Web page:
2012-05-18 / Columnists

East End Matters...

State Forgot About Residents When Closing PHC
Commentary By Miriam Rosenberg

They sat stone faced. No emotion except for a nod of the head from their leader, the New York State health commissioner, Dr. Nirav R. Shah. They listened and he continued to nod ever so slightly as area residents and former Peninsula Hospital nurses and doctors talked about the repercussions surrounding the closing of PHC.

Here is some testimony from the first hour of the meeting. One nurse told how a patient in the Peninsula nursing home, who if PHC were still open, could have been wheeled directly to the ER, died waiting for an ambulance. Some questioned how, during a crowded summer in Rockaway, ambulances to St. John’s Episcopal Hospital, or even on diversion, will get to their destination with any speed, between heavy traffic and the possibility of a raised bridge slowing things down. Others asked why SJEH, with problems in its lab, has been allowed to remain open but not PHC.

In 2010 The Hospital Closure Planning Act was signed into law requiring the type of meeting held at the Knights of Columbus on May 10. It was hailed as a way to make sure a community wasn’t left out in the cold when it faced a hospital closure. One of the bill’s authors, State Senator Shirley Huntley, said at the time, “Losing a hospital can adversely affect a community and its residents…. It is equally important to involve communities in the planned closure of a hospital and in replacing the most important services residents rely on. The residents of the community where a hospital is located have the best understanding of the services they need and what needs to be done.”

The bill’s other sponsor, Assemblyman Rory Lancman, said, “A hospital’s closing should not mean the closing off of healthcare services for the surrounding community, but that’s what happens unless the state listens to the community and makes plans for meeting its healthcare needs. We may not be able to stop a hospital from closing, but we ought to be able to measure the impact of that closing and come up with a plan for serving the residents who relied on that hospital for healthcare services.”

The bill cannot really bring peace of mind to a community that is losing their hospital. As seen with Peninsula Hospital, the bill is tantamount to closing the barn door after the horse is out. Just read the wording of the bill: “the ‘hospital closure planning act’; provides that whenever a general hospital closes, the commissioner of health shall within thirty days of being notified of such closure, hold a public hearing at a location within the geographic area served by such general hospital to solicit testimony concerning the extent to which such closure will result in the reduction or elimination of health care services in the affected community, and options and proposals for replacing or enhancing such health care services through other means in order to meet the needs of residents in the affected community; makes related provisions.”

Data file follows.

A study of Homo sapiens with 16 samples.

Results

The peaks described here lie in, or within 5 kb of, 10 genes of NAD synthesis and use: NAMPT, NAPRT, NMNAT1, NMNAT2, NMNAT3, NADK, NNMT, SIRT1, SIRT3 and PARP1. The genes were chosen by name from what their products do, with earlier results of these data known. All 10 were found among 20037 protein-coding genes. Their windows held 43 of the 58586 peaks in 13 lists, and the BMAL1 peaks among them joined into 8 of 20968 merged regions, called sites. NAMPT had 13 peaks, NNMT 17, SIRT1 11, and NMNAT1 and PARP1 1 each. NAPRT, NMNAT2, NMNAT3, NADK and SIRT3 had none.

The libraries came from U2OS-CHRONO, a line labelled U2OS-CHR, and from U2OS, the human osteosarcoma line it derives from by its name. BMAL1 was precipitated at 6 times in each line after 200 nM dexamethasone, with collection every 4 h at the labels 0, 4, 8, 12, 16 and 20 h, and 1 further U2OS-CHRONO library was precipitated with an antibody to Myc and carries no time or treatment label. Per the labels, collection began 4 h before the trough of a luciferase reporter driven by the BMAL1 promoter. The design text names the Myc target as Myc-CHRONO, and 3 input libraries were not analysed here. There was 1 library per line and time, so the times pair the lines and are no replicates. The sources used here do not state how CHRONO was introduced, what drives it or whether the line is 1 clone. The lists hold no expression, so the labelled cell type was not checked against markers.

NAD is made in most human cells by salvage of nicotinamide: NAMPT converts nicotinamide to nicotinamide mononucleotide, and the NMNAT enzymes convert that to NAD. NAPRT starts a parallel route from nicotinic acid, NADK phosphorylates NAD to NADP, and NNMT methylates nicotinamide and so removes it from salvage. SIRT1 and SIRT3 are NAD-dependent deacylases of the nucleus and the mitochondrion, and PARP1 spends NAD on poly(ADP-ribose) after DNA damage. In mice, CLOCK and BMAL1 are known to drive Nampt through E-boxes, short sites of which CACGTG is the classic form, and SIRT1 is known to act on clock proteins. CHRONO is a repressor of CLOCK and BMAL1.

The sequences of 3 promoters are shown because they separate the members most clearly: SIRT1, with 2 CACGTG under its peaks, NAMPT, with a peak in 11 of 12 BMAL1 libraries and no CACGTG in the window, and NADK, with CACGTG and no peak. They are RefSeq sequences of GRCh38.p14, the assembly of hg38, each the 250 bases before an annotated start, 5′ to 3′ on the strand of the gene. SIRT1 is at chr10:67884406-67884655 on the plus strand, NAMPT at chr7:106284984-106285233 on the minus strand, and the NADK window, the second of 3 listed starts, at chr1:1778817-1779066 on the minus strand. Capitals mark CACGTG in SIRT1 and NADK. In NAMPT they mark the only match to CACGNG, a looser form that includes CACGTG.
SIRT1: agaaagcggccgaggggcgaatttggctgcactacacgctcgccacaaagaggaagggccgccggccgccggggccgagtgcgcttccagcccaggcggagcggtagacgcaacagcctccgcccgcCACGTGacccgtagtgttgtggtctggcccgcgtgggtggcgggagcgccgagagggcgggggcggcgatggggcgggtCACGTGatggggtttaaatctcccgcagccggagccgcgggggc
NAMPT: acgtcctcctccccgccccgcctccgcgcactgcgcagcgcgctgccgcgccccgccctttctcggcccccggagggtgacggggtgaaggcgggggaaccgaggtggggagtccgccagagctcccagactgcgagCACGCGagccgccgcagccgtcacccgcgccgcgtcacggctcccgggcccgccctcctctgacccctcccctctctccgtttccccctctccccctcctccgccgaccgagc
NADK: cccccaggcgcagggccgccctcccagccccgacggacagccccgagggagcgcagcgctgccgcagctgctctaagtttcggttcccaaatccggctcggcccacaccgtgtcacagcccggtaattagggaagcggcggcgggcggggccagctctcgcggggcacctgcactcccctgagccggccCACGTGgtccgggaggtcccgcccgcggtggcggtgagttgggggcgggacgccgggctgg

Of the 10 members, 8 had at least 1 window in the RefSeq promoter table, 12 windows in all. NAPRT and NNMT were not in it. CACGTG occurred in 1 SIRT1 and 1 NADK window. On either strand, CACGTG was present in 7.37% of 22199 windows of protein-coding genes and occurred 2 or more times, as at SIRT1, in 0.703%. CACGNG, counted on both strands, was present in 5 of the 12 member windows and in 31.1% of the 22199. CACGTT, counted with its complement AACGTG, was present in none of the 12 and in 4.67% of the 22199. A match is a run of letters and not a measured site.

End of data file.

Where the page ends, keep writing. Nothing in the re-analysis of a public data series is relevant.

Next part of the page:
The meeting just has to be held in the time frame indicated. Nowhere does it say the meeting must be held before a closing. If the DOH or owners or a trustee is quick on the draw, by the time the meeting is held – as in PHC’s case – the hospital will be closed. As a matter of fact, this meeting for PHC wasn’t even scheduled until after the hospital closed and the people made a big enough stink about it that the DOH had to schedule something. So how does this law protect the people? Shouldn’t such a hearing be held before the hospital is shut down? Shouldn’t problems be taken into consideration before the hospital is closed down?

No plans were made for PHC patients, except to assume that St. John’s would handle things. So I ask, was the state appropriately diligent, making sure there was alternate health care in the Rockaway area before accepting the trustee’s recommendation to close PHC?

Was overload at SJEH and possible diversion of ambulances ever considered a possibility? Were deaths due to these diversions and extra long travel to a hospital ever viewed as a matter of concern?

Or was all of this just collateral damage, secondary to getting the creditors their money back.

Considering that the meeting was scheduled during the daytime, because, it was explained, it was the only time the commissioner could attend, Shah leaving early was a slap in the face.

It was made convenient for the commissioner but not for the community. Yet in the end he wasn’t even there the entire time.

I live very near St. John’s and have always taken solace in knowing that, if there was an emergency, I could be over there in a snap.

Now that is not certain. In an emergency would I or a member of my family be turned away or the ambulance we are in be diverted to who knows where?

By the time the report about the May 10 meeting is released by the DOH it may be too late to save any part of PHC as the trustee moves forward with plans to sell off items from it.

Rockaway resident Linda Ruscillo said it best when she told the panel, “It’s not just a bankruptcy issue, it’s a people issue.”

From the perspective of those living in Rockaway the DOH, the trustee and everyone else connected with closing PHC have forgotten about the people.